Pension plan key to new USFilter pact
Union for water company wants to keep benefit that non-union USFilter employees lost

By Scott Olson
IBJ Reporter

Potentially contentious contract talks between the union representing 200 USFilter Indianapolis Water employees and the utility's management begin Nov. 18, giving negotiators six weeks to hammer out a deal.

"We're not coming out of [the talks] without a defined pension," said Robert Reed, president of the National Conference of Firemen and Oilers Local No. 131. "That is going to be the stickler in our benefits."

The pension plan became a lightning rod for water company employees after the city bought the utility from Merrillville-based NiSource Inc. in March 2002 for $515 million. The city then awarded a 20-year, $1.08 billion management package to USFilter Corp.

The loss of the pension is at the crux of a federal lawsuit brought by non-union employees who allege their benefits have diminished as a result of the city's purchase.

Tim Hewitt, president and operations manager of USFilter Indianapolis Water, expects the issue to surface during talks to renew the contract that expires Dec. 31.

"I'm certain it will come up," he said. "I think anything's a possibility. We don't want to negotiate in the press. These are matters that need to be discussed at the table."

USFilter Indianapolis Water inherited the current contract from the former IWC Resources Inc., the holding company for the old Indianapolis Water Co.

The two sides have scheduled nine bargaining sessions, if needed. The last time water company employees walked out on strike was in 1975.

If the two sides can’t reach an agreement, a 60-day “rider” prevents workers from striking until March 1. Although Reed, a 27-year employee with the company, doubts that will happen, he expects the talks to be the “most contentious” in his tenure because of the new regime.

"I've kindly conveyed to the company that I'm optimistic," he said. "But nevertheless, I feel we're going to face some tough times when we get to the economics [of the contract]."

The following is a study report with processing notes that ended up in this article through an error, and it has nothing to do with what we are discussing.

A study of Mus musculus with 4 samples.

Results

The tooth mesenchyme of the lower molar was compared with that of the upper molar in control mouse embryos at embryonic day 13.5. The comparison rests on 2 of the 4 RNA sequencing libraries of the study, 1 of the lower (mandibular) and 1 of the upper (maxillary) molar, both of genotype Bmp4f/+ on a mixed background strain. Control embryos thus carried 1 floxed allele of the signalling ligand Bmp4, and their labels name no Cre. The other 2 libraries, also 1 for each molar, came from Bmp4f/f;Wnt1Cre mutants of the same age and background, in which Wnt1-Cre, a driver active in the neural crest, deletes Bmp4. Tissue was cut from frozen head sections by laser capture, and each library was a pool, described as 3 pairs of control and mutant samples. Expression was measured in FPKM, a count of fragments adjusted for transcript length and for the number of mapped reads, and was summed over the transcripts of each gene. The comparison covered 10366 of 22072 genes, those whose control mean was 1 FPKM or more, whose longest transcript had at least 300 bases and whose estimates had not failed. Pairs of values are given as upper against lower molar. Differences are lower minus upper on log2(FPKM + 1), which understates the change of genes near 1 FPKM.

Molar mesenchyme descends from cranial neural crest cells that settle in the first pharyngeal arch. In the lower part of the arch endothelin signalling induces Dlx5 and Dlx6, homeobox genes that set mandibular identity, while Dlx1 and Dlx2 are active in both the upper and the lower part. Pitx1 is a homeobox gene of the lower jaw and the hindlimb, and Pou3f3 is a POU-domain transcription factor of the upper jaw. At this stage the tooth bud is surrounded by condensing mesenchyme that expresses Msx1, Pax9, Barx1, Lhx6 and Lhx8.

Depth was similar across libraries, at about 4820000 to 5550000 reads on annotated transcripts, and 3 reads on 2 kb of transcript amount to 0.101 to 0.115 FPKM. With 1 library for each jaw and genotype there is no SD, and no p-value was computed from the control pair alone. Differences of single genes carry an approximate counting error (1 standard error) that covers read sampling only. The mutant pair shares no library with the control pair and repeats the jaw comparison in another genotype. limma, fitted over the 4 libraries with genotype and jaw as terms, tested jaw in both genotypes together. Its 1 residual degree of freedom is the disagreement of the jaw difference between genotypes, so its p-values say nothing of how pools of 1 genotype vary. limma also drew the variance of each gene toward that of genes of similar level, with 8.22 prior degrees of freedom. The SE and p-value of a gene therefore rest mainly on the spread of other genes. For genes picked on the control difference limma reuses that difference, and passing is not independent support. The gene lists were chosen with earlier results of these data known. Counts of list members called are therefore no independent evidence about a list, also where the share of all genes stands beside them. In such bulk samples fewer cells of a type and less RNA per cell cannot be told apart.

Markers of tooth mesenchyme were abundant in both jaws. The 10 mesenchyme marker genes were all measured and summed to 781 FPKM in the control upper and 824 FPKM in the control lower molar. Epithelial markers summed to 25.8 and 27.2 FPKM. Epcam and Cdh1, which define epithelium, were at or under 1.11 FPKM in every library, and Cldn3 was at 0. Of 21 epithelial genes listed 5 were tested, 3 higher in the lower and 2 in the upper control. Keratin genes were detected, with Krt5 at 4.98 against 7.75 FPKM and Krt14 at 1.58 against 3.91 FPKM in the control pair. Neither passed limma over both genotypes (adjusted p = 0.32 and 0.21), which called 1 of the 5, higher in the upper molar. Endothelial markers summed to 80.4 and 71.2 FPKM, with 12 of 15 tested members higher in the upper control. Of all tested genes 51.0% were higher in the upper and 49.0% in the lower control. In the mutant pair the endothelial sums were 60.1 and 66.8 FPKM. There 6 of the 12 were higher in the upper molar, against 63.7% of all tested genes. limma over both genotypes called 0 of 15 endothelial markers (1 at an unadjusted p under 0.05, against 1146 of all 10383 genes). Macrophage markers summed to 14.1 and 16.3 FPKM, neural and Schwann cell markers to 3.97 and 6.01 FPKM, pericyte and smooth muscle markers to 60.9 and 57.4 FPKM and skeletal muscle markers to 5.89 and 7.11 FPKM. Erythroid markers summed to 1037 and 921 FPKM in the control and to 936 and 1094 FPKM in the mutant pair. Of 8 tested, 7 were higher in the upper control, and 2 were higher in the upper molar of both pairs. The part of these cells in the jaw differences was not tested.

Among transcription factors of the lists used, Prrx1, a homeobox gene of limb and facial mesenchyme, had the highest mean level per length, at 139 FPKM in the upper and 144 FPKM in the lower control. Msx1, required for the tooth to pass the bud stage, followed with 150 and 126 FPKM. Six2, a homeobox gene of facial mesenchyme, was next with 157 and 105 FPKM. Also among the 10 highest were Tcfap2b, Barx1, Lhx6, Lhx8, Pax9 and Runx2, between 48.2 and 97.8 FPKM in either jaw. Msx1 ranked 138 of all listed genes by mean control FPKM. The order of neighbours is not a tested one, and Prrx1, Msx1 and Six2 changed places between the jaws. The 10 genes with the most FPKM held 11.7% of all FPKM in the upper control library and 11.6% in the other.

The task of negotiating will fall on Hewitt and on Tom Zabor, the company's new labor relations director brought on board by Hewitt. The two men worked together at the former Indiana Gas Co. before parent Indiana Energy Inc. merged with the Southern Indiana Gas & Electric Co. in Evansville to form Vectren Corp.

Hewitt, who had been president and CEO of Indiana Gas before the merger, started his job at the water company June 9. He quickly introduced himself to union leaders, he said.

"USFilter valued my background, in particular, with labor unions," Hewitt said. "This is nothing new to me. Both [Zabor] and I have negotiated a lot with unions over the last 13 or 14 years."

The union also seeks a wage increase, though Reed declined to divulge how much. Reed also said the union will be looking at medical insurance and vacation benefits it fears could be reduced or lost.

In their lawsuit, non-union employees claim they have a less valuable health insurance plan and their vacation days have been reduced. The city has moved to dismiss the complaint.

Another suit filed against the city on behalf of local taxpayers claims its purchase of the water utility violates the Unigov statute. The taxpayers argue management of the utility should have been placed under the same public charitable trust that operates Citizens Gas & Coke Utility. The city also has moved to dismiss that suit.

Although the city owns the water company, no one in local government will be involved in contract talks. Sam Odle, president of the Indianapolis Board of Waterworks, which governs the utility for the city, said he has confidence in Hewitt, the utility’s management team and its employees to get a contract ratified.

"It's an issue for them to work out,"he said.

The water company's 50 office and clerical workers became unionized last year under Service Employees International. Their contract began in January and runs until December 2005.

California-based USFilter has a number of agreements with unions across the country, most of which have been negotiated with little trouble, company spokesman Scott Edwards said.

But, he said: "This one might be different. I donít know."